In Flanders fields the poppies grow
Between the crosses, row on row,
That mark our place; and in the sky
The larks, still bravely singing, fly
Scarce heard amid the guns below.
So begins a poem written by Canadian physician John McCrae, who was a soldier in Belgium during the Great War. It was written after McCrae presided over the funeral of a close friend killed in the Battle of Ypres.
Tim and I began our trip to France with a purposeful detour to Belgium to visit the American Cemetery called Flanders Field. It is the only American World War I cemetery in Belgium, and it is relatively small with only four hundred or so graves. Like other American cemeteries in Europe, it is virtually pristine and quite moving. We will be seeing other such sites in France when we move to a town on the Marne River near a number of cemeteries and battlefields.
Is striking to see the tombstones of a number killed so close to the end of the hostilities on November 11, 1918, and worst of all to discover the markers of those struck down on the actual day. Had peace come five minutes earlier, would Col. Lieberman have lived and enjoyed his Belgian Croix de Guerre at home in New York? The armistice came too late for all of these young men and women. Also jarring is to see the fairly large number of crosses and stars of David reading “here rests in honored glory AN AMERICAN SOLDIER known but to God.”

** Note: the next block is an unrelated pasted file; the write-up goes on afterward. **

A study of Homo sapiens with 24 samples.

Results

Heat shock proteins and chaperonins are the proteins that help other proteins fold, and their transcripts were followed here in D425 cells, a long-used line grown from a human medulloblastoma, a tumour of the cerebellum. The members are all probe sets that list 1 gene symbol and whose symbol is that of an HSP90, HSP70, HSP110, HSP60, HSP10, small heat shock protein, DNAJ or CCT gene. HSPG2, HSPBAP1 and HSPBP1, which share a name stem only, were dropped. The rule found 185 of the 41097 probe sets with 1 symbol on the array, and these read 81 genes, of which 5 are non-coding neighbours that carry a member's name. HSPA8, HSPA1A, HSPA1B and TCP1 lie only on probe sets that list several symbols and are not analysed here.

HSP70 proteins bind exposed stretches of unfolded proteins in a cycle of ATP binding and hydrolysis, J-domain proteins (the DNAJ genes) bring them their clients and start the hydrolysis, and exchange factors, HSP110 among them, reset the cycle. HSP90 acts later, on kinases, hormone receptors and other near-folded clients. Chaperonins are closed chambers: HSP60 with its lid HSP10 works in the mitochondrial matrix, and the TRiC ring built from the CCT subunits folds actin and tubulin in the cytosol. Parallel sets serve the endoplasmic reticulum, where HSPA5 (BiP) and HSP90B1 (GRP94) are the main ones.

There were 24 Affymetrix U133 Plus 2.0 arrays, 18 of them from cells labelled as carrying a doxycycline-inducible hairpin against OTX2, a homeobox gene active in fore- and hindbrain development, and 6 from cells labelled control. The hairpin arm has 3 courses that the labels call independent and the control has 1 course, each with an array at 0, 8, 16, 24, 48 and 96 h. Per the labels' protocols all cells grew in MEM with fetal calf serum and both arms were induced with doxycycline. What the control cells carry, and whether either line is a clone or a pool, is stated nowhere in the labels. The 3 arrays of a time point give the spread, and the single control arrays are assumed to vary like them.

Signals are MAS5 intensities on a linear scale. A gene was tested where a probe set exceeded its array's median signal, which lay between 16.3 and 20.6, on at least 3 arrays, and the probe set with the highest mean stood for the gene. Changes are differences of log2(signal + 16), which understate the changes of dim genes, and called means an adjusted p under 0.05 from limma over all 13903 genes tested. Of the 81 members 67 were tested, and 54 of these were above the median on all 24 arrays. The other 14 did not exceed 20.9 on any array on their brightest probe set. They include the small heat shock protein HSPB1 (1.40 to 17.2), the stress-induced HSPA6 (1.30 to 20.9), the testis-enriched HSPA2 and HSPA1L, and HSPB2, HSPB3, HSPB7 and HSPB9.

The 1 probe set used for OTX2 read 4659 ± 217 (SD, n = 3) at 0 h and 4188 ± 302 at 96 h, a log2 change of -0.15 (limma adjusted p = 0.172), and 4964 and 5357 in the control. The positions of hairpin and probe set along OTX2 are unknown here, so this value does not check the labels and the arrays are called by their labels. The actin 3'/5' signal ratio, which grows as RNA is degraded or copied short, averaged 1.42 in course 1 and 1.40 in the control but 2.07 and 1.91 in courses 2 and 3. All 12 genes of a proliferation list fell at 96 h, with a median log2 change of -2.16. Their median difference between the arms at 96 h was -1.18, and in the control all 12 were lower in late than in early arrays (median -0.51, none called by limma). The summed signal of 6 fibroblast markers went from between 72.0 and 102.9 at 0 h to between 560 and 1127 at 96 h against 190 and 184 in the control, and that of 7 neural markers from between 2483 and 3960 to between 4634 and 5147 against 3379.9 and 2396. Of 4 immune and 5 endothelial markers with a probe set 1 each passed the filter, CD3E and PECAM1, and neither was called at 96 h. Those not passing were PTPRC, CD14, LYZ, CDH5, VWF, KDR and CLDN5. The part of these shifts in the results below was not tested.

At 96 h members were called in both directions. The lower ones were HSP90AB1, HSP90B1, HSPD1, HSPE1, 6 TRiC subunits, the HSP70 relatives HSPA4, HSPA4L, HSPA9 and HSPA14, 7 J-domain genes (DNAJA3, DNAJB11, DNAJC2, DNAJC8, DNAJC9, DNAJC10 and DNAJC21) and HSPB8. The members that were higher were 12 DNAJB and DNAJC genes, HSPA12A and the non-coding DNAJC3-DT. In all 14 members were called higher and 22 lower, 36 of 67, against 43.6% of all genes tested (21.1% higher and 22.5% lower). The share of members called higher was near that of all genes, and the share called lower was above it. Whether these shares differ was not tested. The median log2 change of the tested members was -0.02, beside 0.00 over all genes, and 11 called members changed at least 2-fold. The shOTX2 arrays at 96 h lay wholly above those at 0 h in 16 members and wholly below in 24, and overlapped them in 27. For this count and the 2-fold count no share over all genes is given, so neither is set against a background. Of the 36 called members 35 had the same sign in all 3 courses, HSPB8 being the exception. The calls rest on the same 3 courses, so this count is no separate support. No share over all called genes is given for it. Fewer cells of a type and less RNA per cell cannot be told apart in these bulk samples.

The question always comes up in a World War I cemetery: Why? To what purpose did the deaths of some 116,000 American soldiers contribute, to what end did the deaths of nearly 20,000,000 people serve? One can think of the American Civil War as having a purpose, and so also with World War II. But World War I seems so pointless, a squabble among emperors who were also cousins—a quest for hegemony, but having no valid reason that I can think of.
On November 11, the 100th anniversary of the Armistice which ended the fighting in the Great War, we at Emmanuel will mark the occasion with a service from the 1892 Book of Common Prayer and a reminder for people to take a moment to pray in our Peace Chapel dedicated to those who died in World War I. (We will also encourage people to look at the large plaque in the narthex naming the men—and one woman—of the parish who fought in that war.)
And we will try to wrestle with why in 2018 “the larks, still bravely singing, fly scarce heard amid the guns below”?